Fairfax County is creating commercial profiles of different neighborhoods to guide future economic development and placemaking.
At an economic initiatives committee meeting on Dec. 12, the Fairfax County Board of Supervisors discussed a place-led economic development pilot program that will provide snapshots of communities throughout the county.
“It’s really about providing all of us with data driven insights into Fairfax County commercial districts, how that…area is performing and functioning as well as who is being served by the commercial activity,” said Laura Baker, the catalytic development manager for the Fairfax County Department of Economic Initiatives.
In the first phase of the pilot program, staff studied Bailey’s Crossroads and University Mall near Fairfax City. The locations were selected due to their diversity in scale, geography, business characteristics and community, as well as the willingness of stakeholders to take part in the process.
Each template dives into data on users and visitors, retail spending, recent investments, key insights and business highlights.
Dranesville District Supervisor John Foust and Board Chairman Jeff McKay said they were concerned about how the profiles will be updated and what new information they generated — beyond assembling disparate data the county already receives.
“What we don’t want to do is have outdated information out there that kind of works against the marketing of a particular area,” McKay said.
The Bailey’s Crossroads profile, for example, found limited connectivity between the community’s shopping centers, overall healthy commercial performance, and that the population’s median age and income are lower than the rest of the county.
The community also sees strong weekend activity, and there has been a slight increase in visitor growth after the pandemic.
Mike Van Atta, president of BC7RC, a volunteer organization that promotes community revitalization in Bailey’s Crossroads and Seven Corners, said the profiles are particularly helpful because they can guide how partnerships between organizations drive community revitalization.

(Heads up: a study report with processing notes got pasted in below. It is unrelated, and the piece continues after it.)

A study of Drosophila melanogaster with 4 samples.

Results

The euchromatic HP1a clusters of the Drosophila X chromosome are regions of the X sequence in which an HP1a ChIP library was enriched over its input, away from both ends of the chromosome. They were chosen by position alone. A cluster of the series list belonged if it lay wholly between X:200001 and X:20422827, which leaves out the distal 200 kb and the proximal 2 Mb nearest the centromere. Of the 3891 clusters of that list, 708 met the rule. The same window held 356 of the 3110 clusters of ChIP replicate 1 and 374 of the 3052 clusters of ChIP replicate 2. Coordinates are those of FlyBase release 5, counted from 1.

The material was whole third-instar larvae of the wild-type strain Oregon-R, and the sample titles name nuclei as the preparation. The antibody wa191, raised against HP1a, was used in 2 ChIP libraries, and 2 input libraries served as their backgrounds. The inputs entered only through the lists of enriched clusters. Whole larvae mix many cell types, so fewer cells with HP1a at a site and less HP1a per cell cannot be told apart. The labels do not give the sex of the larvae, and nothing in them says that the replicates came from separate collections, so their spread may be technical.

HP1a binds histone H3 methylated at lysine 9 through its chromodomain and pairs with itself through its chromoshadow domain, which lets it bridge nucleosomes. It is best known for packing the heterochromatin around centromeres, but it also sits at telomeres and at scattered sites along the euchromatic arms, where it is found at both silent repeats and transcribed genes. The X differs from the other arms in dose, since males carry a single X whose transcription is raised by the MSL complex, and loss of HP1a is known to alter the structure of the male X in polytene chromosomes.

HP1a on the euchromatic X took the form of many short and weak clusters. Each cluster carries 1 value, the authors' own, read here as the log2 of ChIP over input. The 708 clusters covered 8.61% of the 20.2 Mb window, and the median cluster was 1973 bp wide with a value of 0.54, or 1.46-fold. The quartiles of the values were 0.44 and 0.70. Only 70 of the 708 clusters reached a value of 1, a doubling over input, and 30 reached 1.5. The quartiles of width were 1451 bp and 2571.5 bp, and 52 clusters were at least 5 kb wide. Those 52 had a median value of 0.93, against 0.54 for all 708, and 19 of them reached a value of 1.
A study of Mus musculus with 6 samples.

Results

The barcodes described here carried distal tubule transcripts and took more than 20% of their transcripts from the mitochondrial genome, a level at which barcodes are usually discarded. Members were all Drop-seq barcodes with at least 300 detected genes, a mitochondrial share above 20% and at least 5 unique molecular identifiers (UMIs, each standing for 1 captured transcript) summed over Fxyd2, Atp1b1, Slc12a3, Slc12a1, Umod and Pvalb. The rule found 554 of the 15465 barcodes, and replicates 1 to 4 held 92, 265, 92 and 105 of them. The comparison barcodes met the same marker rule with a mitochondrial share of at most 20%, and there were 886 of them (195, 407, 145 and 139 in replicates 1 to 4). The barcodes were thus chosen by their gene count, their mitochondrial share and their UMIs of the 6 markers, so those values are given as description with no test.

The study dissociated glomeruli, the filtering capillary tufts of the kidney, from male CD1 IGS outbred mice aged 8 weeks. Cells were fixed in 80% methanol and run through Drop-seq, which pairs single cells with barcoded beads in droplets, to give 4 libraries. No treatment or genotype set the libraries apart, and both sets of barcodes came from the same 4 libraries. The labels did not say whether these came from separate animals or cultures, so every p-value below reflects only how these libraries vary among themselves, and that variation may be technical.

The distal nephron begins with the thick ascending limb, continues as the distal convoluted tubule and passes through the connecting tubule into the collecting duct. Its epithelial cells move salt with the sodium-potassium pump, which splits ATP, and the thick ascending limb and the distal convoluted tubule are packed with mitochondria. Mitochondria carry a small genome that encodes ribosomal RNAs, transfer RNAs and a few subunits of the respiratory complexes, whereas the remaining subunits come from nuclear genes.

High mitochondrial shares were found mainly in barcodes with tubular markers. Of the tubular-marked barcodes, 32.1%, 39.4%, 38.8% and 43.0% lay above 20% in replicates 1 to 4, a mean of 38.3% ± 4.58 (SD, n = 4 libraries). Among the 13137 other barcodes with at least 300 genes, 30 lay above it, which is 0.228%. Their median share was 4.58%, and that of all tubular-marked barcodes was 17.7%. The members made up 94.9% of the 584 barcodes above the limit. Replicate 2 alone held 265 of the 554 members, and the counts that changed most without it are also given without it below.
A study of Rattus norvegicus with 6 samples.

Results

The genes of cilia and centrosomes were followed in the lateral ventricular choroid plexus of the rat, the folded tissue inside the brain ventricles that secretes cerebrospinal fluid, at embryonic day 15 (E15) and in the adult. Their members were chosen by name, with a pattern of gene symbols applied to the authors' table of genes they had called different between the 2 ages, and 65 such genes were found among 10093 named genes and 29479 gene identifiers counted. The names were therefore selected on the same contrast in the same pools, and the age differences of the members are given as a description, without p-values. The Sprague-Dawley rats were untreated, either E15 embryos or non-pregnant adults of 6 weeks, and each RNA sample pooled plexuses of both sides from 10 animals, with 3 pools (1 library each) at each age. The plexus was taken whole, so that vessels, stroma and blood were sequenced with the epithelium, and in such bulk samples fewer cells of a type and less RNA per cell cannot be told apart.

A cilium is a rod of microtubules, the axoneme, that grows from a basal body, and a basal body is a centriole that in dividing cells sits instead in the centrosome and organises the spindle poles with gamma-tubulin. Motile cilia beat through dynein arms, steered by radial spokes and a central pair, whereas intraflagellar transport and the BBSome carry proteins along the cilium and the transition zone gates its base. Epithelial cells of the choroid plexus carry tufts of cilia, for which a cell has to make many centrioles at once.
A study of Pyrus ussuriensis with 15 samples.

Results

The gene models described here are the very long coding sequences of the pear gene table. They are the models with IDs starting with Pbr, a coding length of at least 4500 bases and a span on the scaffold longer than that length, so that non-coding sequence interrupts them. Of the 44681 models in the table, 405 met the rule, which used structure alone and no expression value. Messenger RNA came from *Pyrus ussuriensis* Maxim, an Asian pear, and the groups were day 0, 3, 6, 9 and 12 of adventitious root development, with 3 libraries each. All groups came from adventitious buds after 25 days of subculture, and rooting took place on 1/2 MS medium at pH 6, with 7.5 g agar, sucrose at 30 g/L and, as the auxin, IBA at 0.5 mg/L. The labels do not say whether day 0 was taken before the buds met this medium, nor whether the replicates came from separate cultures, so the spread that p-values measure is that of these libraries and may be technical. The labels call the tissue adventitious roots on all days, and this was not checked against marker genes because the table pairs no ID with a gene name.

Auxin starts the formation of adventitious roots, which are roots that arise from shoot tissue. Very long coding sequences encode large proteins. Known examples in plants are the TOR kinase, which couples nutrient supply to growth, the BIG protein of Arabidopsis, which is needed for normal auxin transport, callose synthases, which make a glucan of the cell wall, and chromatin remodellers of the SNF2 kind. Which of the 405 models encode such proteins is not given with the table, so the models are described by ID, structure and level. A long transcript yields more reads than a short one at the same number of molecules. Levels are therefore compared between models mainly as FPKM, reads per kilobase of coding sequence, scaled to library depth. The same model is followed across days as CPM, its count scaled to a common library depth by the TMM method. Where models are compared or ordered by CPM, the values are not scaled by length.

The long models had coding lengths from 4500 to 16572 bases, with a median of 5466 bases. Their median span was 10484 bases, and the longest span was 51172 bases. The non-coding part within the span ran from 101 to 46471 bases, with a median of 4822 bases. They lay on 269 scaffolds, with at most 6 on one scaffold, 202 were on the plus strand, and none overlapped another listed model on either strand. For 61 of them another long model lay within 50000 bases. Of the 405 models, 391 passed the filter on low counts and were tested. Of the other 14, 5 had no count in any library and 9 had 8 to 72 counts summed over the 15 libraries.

“Frankly, we think that’s a community health story as much as it is a community development story,” Van Atta said.
McKay noted none of that information was surprising — indicating that the community profiles provided an accurate snapshot.
In phase two, staff plan to study 26 special planning areas — except for those with a specified land use purpose or those that have already been the focus of recent studies.
Baker said Tysons and Reston will likely be excluded from the effort, since they have recently updated comprehensive plans and existing organizations, such as the Tysons Community Alliance and Partnership Reston, that focus on placemaking.
“There’s already a lot of transformation happening there,” she said.
County staff also plan to take a look at an additional 86 shopping centers, like the Pan Am Shopping Center in Merrifield and the Rose Hill Shopping Center.
Mason District Supervisor Penny Gross, whose district includes Bailey’s Crossroads, said she wants to see a dedicated section to vision in the profiles and more community integration.
“There’s not the community piece in here and I’m very concerned about that because people are resistant to change,” she said. “They don’t necessarily like what’s there now, but they don’t want much new.”
Hunter Mill District Supervisor Walter Alcorn said the community pieces come from the county’s comprehensive plan — which was created with significant input.
“The comprehensive plan really is a document that is highly integrated with the community, and the community in all cases have been involved in the development of that,” he said.
In the coming months, staff will finalize the template for the profiles and criteria to determine exactly which areas are studied before issuing a request for proposals. The second phase will likely begin in the first quarter of 2024.